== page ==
Godlike print copies go fan-funded

Arc Dream Publishing recently announced that it would be following the lead of its co-founder, Dennis Detwiller, by going to the masses for print-run funding. Starting with the Godlike GM Screen, Arc Dream will collect pledges toward making the product available in print form. Fans who pledge for each product will receive a copy for no added charge, and each successfully funded product will be available to retailers. If the necessary cash isn’t raised for a product, Arc Dream may only end up selling them as ebooks.

This raises the question: Is print-run funding the way more game companies will go? It would give the company’s fans a more direct say in what reaches physical bookshelves next, and could save publishers from releasing a flop. This will also test the “downloadable versus print” preferences of Godlike fans, which could be equally interesting. Click below for the press release.

Arc Dream Publishing press release follows:

GODLIKE is now fundable!

Arc Dream Publishing (AKA partners Dennis Detwiller and Shane Ivey) announces a new approach to releasing supplements and accessories for its critically acclaimed roleplaying game GODLIKE: Superhero Roleplaying in a World on Fire, 1936-1946. Printing of Arc Dream’s new GODLIKE projects is available for funding by pledging the purchase price at Fundable.org.

If there are enough pledges to print the product, Arc Dream collects the pledged funds and it goes to press. Every fan who pledged will receive a copy in the mail at no additional charge, and the product will be available to retailers worldwide.

If there aren’t enough pledges, NO pledges are collected and the product does not go to press. However, most new GODLIKE projects will be sold as ebooks through such online retailers as e23 and RPGNow, even if they don’t go to press.

“We’re a small-press game company in a difficult market,” says Arc Dream President Shane Ivey. “Funding the physical production of GODLIKE supplements through pledges allows us to get around the cash crunch facing most small companies in this industry. And it allows us to test a project’s appeal to consumers in a very direct way.”


The first GODLIKE accessory available for printing by pledge is the long-awaited GODLIKE Game Moderator’s Screen, a sturdy three-panel screen with stunning art by Sam Araya (Unknown Armies, Wild Talents).

To see the GODLIKE GM Screen, visit its Web page here:

The GODLIKE GM Screen will be available for pledges until February 3, 2006. A pledge is $10, which gets you one copy of the screen AND covers shipping and handling to any country.

Unlike other upcoming GODLIKE projects, however, the GM Screen will not be available as an ebook. So make your pledge today – and make the GODLIKE GM Screen a reality.

Upcoming fundable GODLIKE supplements include a deadly adventure set in the battle for Saipan; an adventure collection featuring British Commonwealth soldiers in the invasion of Normandy; a covert equipment catalog for Talents in the SOE; a full-length campaign set in the Allied landings in North Africa in 1942, and more.

For more information, and to pledge for the GODLIKE GM Screen, please visit www.ArcDream.com.


  1. The overwhelming view on the Gaming Indutry network is no. John Nephew from Atlas games believes it is for a much smaller tier company than ones his size. I did a little blogging on this very subject a few days back:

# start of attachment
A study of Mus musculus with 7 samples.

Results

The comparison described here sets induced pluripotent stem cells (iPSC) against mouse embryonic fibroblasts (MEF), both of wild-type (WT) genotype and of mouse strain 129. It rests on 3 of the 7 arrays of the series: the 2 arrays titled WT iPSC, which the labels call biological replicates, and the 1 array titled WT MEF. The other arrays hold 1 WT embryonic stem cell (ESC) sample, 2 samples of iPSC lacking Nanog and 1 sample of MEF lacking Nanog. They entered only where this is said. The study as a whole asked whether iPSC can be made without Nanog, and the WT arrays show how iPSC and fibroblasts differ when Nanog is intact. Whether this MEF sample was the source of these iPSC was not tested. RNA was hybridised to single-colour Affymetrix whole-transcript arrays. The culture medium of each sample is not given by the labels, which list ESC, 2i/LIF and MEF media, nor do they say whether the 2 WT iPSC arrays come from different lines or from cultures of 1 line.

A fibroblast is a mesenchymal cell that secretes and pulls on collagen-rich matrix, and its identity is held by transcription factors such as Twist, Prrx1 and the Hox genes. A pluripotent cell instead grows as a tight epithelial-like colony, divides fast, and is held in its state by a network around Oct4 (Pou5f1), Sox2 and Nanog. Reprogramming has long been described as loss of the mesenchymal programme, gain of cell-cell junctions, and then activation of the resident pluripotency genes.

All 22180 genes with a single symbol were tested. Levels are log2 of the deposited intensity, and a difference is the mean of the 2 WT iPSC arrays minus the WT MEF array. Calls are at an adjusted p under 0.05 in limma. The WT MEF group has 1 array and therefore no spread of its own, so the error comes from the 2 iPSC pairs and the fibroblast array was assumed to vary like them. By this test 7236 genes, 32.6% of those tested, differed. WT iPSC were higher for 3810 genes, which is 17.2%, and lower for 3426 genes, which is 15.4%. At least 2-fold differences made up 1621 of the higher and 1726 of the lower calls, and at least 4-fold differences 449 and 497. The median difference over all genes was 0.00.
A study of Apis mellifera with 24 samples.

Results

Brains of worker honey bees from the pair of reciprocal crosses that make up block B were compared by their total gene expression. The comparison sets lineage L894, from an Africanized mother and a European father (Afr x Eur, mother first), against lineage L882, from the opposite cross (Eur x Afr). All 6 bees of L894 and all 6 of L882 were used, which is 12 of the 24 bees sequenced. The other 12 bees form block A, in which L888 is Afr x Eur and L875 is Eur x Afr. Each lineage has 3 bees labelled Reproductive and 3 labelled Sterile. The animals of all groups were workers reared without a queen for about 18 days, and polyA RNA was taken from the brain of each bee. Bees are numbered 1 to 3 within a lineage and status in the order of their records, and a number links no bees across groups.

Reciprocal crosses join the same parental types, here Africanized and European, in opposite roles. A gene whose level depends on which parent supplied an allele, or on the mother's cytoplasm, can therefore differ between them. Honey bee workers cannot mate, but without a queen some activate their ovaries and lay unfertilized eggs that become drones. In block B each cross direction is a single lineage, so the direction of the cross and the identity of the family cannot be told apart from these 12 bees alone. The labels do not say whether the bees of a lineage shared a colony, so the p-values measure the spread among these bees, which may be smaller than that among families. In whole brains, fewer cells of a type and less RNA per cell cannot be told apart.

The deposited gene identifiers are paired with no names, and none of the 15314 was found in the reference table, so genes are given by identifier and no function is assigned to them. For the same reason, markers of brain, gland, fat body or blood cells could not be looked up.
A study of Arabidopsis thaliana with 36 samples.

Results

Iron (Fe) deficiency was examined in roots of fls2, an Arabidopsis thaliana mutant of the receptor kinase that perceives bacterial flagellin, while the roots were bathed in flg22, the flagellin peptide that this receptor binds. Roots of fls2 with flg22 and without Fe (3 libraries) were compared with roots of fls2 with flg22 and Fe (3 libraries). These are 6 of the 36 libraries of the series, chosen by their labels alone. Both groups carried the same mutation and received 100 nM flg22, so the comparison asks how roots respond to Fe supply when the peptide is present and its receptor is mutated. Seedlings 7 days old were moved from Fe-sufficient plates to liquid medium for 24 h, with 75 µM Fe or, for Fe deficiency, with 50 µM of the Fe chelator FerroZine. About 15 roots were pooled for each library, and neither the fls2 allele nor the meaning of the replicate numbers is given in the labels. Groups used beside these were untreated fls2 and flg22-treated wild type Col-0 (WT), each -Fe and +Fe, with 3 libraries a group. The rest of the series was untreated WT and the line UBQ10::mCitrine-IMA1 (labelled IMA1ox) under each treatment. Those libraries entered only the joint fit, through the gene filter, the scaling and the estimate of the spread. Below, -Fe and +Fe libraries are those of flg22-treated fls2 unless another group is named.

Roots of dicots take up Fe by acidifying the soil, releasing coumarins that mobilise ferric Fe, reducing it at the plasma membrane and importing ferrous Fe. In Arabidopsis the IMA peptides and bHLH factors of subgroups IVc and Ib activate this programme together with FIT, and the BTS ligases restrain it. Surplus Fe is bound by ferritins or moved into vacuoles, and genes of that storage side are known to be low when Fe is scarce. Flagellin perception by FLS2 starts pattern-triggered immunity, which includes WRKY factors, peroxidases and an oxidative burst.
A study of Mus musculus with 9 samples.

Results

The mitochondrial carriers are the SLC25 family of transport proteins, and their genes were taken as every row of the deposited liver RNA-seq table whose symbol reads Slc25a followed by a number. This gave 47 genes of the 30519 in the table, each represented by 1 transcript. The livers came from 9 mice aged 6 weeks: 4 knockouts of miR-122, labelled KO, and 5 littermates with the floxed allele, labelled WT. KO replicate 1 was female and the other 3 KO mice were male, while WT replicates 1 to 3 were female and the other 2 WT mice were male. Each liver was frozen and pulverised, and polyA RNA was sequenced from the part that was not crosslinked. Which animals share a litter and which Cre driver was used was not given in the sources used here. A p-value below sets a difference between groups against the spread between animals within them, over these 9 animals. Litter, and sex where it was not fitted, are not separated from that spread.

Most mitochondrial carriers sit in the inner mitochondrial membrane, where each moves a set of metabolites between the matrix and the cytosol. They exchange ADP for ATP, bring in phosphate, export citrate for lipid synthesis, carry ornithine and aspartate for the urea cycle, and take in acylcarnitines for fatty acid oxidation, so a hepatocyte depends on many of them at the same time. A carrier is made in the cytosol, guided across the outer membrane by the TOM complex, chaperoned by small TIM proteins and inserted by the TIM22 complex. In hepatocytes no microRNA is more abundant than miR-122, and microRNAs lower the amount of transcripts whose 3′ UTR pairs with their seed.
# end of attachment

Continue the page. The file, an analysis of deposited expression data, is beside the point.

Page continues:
Have a glance if you care to….

  2. Most wargame publishers have been doing this for years. The best example (and possibly the first company to do it, though I’m not sure) is GMT games and their P500 program. They announce a game, allow people to pre-order the game (with the price being usually about 20-25% lower than what it will retail for), and then when it hits 500 orders they charge and it’s off to the printers. If after a while the game never reaches 500 the project is killed off, and no one has lost a single dime.

    Hopefully ArcDream will let people know exactly how many “pledges” need to happen before something becomes a reality.


  3. True, this has been done in the wargames market quite a bit. But to my knowledge, it wasn’t until a year or so back that we started seeing RPGs going the same route. One might think that RPGs are fading in popularity, just as wargames have been slowly fading, and have begun to reach the point where small companies have no choice but to solicit print-run funding from their fans. I don’t think that can be stated conclusively at this point, but time will tell.

  4. Upon hearing this, I too, immediately thought of GMT. For quite some time I have felt the RPG business would possibly go a similar route. RPGs haven’t faded as much as wargames have but as an old cardboard counter puncher as well as role-player, I can easily imagine a time when RPGs are lucky to get 500 orders and enough $ to get them printed for an ever dwindling fan base.

    I’ve been a GMT P500 customer for many years now, and although they are doing well, I don’t see the wargaming aspect of the hobby growing. GMT tried to go a bit more mass market and jump on the “German” games train with a couple titles two or three years ago, and IIRC they tanked. I suspect it was mostly because their heart just wasn’t in it, and hex-and-counter (or these days, area movement) is their thing.

    I don’t think RPGs will disappear, but unless RPGs see some sort of resurgence that recruits a new and growing generation of gamers, I think the market for them will continue to shrink, and the companies that produce them *will* need to look for new and alternative ways to market and sell them.